Image via PSG.fr
In what is arguably the biggest transfer saga of all time, French star Kylian Mbappé has decided to stay in the capital of his home country instead of joining the most decorated club in European soccer history, Real Madrid. This was a colossal deal for Paris Saint-Germain to be able to extend one of the biggest talents in the world until 2025 after Mbappé had requested a transfer to Madrid towards the end of last summer’s transfer window. Mbappé staying in France gives Ligue 1 a much stronger chance of bringing a Champions League back to France for the first time in almost 30 years since Marseille won the Champions League back in 1993.
La Liga and Real Madrid were very disappointed to not bring Mbappé to the capital of Spain. A player like Mbappé can help the league tremendously both on and off the pitch, although it doesn’t seem like Madrid needs Mbappé at the moment as they are preparing to play in the Champions League final this weekend. Nevertheless, a player of Mbappé’s stature would have elevated La Liga on and off the pitch. At only 23 years old, Mbappé has already become one of the best players in the world and it seems like he’s only getting better after bringing home the top goalscorer and most assists in Ligue 1 this past season. Along with that, he carries with him a large social media presence, which is extremely important to help connect players and clubs with fans all over the world.
As a result of missing out on Mbappé, La Liga has decided to take legal action and file a complaint against UEFA, the governing body of European soccer, against PSG. Javier Tebas, president of La Liga, has tweeted out his opposition to the renewal, “What PSG is going to do by renewing Mbappé with large amounts of money (to know where and how he pays them) after losing €700M in recent seasons and having more than €600M in wages, is an INSULT to football. [PSG president] Al-Khelafi is as dangerous as the Super League.” What is a bit ironic in all of this is that Tebas and Al-Khelaifi were allies when the Super League was announced. PSG had refused to enter the Super League and of course, Tebas was against the Super League since this would hurt La Liga. Not to mention, had Real Madrid signed Mbappé, I’m sure Tebas wouldn’t care about the losses that Madrid has sustained over the past few years due to the pandemic. These same losses prompted Madrid president Florentino Perez to try to create a super league with other clubs across Europe, which was short-lived. Although the details of Mbappé’s contract have not been announced yet, numbers are floating around that if true, will make him the highest paid player in the world and potentially the highest paid player in all of sports on an annual basis.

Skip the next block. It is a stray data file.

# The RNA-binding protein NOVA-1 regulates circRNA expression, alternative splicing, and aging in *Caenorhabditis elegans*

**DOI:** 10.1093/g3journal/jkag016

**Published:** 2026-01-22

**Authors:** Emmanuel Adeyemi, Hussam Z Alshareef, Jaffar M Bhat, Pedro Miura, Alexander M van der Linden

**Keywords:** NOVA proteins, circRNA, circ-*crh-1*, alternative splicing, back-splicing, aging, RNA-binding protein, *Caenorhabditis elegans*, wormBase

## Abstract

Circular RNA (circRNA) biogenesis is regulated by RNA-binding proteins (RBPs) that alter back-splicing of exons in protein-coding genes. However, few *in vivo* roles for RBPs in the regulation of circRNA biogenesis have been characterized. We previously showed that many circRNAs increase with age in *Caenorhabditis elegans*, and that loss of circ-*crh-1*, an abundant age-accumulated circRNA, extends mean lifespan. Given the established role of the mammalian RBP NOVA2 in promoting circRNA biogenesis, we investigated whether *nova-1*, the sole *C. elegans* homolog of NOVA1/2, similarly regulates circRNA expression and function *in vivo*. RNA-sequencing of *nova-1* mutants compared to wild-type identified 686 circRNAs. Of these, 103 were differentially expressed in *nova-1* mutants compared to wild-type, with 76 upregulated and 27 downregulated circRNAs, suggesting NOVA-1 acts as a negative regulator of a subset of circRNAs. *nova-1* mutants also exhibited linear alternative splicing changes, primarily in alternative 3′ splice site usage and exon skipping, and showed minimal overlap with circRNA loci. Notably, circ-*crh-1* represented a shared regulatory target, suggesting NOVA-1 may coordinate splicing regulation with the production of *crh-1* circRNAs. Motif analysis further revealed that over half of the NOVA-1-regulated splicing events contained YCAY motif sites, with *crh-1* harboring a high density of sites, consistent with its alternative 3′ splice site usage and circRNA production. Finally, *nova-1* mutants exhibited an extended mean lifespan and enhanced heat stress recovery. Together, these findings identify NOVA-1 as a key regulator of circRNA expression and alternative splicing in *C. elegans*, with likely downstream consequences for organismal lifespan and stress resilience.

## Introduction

UEFA has recently approved new financial regulations after the first iteration of financial regulations, Financial Fair Play (FFP), was a failure. These new financial regulations are called the Financial Sustainability and Club Licensing Regulations (FSCLR). These new rules are similar to La Liga’s financial fair play system, where a club’s total expenditures on transfers, wages, and agent fees cannot exceed 70% of its revenue. Under this, breaching teams will potentially face financial penalties and sporting measures. Whether or not it will be successful is to be determined, as FFP saw a few fines and penalties but nothing drastic enough to stop teams from breaching it. PSG was fined 60 million euros ($63 million) and a squad reduction in UEFA competition in 2014 for FFP breaches. Since then, PSG has spent over 400 million euros on just the signings of Neymar and Mbappé, which does not include the wages they paid the two players. It is unclear what kind of consequences PSG will face if the complaint is successful, but this will be the first test of the new financial regulations. This would set a large precedent as we see more and more clubs becoming state-owned like Newcastle’s most recent takeover by a state sovereign fund earlier this year. Soccer is the most popular sport in the world and will generate a large amount of revenue due to the global following these clubs have, but we also have to be realistic when it comes to transferring fees and wages some of these clubs are paying if we want to look at the long-term sustainability of the sport.
Greg Termolle is a 3L at the Elisabeth Haub School of Law at Pace University. You can follow him on Twitter at @GregTerm.